Western Digital to invest $4.6bn in joint venture with Toshiba
Reconciling differences, partners seek to make up ground on Samsung
Nikkei staff writers
TOKYO -- Western Digital will invest about 500 billion yen ($4.68 billion) over the next three years in a memory chip venture with Toshiba, helping their joint operations recover after a bruising legal spat between the companies.
The investment will help fund construction of a production building at Toshiba's Yokkaichi plant in Mie Prefecture, home to joint chipmaking operations with Western Digital, as well as work on a plant in Kitakami, Iwate Prefecture, set to open in 2020. This will let Toshiba Memory and Western Digital steadily increase joint production of 3-D flash memory chips, which have significantly higher data capacity than their conventional counterparts. Demand for high-capacity memory is growing rapidly, led by customers operating data centers.
The two companies have agreed to split capital spending evenly, excluding for the cost of buildings and the like. Toshiba Memory announced last autumn that it planned to put more than 300 billion yen into the joint operations annually. Western Digital's planned investments will help keep pace with its partner.
SanDisk -- Toshiba's original partner -- and Western Digital, which acquired the American chipmaker in May 2016, have put around $15 billion into the Yokkaichi plant over the past 15 years or so. Each new generation of memory chip is more difficult to produce than the last, requiring pricier machinery and therefore more investment.
Yet in 2017, when the global memory market was booming, cooperation between Toshiba and Western Digital was breaking down. The Japanese company announced in February that it would sell off memory operations to cover major losses linked to its U.S. nuclear power business, prompting Western Digital to file suit to block the sale of Toshiba Memory to any third party.
In response, Toshiba shut off a system that engineers from the two companies used to share data, throwing development operations into chaos. The Yokkaichi plant boasts a higher flash memory production capacity than the main facility of market leader Samsung Electronics. But the South Korean company increased its lead during the year, more than doubling Toshiba's share for the first time ever.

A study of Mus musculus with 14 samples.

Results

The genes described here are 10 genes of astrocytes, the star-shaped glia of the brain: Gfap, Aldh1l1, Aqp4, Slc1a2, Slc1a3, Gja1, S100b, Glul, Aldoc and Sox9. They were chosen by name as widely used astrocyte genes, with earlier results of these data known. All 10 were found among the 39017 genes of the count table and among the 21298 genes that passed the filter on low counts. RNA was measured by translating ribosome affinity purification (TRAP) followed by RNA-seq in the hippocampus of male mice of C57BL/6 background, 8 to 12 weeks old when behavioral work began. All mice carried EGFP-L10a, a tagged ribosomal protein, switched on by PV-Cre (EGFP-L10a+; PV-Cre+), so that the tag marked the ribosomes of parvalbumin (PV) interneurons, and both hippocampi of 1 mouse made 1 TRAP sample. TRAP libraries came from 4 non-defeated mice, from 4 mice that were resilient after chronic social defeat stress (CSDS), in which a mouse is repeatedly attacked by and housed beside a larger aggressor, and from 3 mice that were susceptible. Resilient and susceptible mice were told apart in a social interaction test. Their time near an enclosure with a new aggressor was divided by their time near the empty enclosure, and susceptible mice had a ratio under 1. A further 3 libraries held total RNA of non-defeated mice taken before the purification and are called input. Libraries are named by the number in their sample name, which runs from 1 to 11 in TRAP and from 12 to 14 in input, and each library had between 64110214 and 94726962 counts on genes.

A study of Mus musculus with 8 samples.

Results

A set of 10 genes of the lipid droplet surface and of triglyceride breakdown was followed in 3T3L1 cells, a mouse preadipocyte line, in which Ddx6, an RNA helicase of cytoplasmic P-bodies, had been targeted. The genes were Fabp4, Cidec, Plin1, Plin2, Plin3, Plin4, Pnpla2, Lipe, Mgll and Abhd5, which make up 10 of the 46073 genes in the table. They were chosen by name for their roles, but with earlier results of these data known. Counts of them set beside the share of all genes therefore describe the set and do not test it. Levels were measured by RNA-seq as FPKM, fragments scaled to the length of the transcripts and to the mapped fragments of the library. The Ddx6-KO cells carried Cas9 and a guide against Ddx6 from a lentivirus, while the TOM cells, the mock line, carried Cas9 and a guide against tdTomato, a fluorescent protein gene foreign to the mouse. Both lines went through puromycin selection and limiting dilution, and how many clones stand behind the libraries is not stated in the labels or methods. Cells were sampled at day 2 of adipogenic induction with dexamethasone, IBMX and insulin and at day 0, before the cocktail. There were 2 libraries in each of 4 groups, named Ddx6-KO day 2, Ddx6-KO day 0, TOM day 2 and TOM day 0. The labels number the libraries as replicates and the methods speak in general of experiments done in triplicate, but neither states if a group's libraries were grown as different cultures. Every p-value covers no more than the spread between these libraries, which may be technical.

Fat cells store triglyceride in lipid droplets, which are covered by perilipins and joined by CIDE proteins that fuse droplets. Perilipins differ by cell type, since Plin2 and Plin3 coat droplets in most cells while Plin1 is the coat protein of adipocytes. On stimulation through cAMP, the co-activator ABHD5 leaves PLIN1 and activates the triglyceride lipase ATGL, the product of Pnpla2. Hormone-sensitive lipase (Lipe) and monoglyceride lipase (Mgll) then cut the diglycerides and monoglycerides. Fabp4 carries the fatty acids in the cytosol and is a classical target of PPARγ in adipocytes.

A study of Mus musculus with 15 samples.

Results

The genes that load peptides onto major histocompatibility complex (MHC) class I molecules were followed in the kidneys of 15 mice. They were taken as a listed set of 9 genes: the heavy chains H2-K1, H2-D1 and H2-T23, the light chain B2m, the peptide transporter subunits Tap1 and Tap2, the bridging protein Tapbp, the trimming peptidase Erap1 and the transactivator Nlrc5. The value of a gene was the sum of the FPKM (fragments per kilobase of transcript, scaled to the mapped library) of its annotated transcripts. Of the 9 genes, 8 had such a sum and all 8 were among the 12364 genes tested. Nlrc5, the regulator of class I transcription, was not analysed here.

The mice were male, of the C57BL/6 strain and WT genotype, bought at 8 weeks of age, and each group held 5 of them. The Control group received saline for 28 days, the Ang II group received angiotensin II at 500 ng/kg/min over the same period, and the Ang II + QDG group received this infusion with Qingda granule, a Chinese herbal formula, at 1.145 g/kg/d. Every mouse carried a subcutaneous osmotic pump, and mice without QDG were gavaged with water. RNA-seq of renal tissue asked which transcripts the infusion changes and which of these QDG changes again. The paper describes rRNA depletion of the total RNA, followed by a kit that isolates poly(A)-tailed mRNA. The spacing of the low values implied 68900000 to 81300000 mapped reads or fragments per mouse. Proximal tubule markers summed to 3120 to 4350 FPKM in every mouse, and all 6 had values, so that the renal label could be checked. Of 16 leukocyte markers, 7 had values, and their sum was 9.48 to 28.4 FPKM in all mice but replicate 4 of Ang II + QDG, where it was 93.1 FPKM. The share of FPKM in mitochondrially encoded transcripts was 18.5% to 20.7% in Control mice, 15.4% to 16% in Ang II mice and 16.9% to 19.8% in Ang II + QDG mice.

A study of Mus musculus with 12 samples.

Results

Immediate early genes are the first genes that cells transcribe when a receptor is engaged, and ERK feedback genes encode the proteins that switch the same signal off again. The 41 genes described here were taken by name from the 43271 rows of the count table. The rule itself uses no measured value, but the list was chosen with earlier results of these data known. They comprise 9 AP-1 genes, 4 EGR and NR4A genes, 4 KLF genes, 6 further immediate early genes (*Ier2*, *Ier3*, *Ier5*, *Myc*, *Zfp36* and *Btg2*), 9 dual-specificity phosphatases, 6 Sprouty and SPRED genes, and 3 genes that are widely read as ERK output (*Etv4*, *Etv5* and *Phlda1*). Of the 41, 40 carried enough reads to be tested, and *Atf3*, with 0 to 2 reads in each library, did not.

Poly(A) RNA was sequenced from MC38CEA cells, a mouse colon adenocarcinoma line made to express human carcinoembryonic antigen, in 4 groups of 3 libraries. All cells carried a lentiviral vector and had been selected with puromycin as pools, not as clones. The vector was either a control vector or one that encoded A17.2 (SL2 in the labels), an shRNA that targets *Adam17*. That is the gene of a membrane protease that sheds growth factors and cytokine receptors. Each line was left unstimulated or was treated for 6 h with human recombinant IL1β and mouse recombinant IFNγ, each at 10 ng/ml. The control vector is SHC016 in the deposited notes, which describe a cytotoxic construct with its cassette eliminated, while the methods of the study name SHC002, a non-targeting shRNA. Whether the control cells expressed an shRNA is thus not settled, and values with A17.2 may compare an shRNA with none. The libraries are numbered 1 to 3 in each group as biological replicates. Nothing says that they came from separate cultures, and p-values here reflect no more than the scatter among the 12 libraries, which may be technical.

Though Toshiba still looks to sell its memory unit to a team let by American private equity fund Bain Capital, tensions now appear to have abated, as Toshiba Memory and Western Digital have reached a settlement that will keep them cooperating regardless. "We will proceed hand in hand with Western Digital," Toshiba Memory President Yasuo Naruke said at a news conference Friday inaugurating a development building at the Yokkaichi plant. The new building stands as a symbol of cooperation between the partners, said Siva Sivaram, Western Digital's executive vice president for memory technology.
The center will employ around 2,000 engineers total from the two companies. Toshiba Memory intends to hire around 500 technicians versed in semiconductors over the next two to three years.
The sale of Toshiba Memory, meanwhile, has hit a roadblock in the form of Chinese antitrust screening. The deal is expected to still be awaiting approval at the end of March, when Toshiba originally hoped to close the sale. But the Japanese company's 600 billion yen capital, raised in December, means "Toshiba's financial situation will have improved" even if the sale does not close on time, Naruke said, letting the company avoid delisting from the Tokyo Stock Exchange. "I believe approval will come sometime in April, May or June," Naruke said.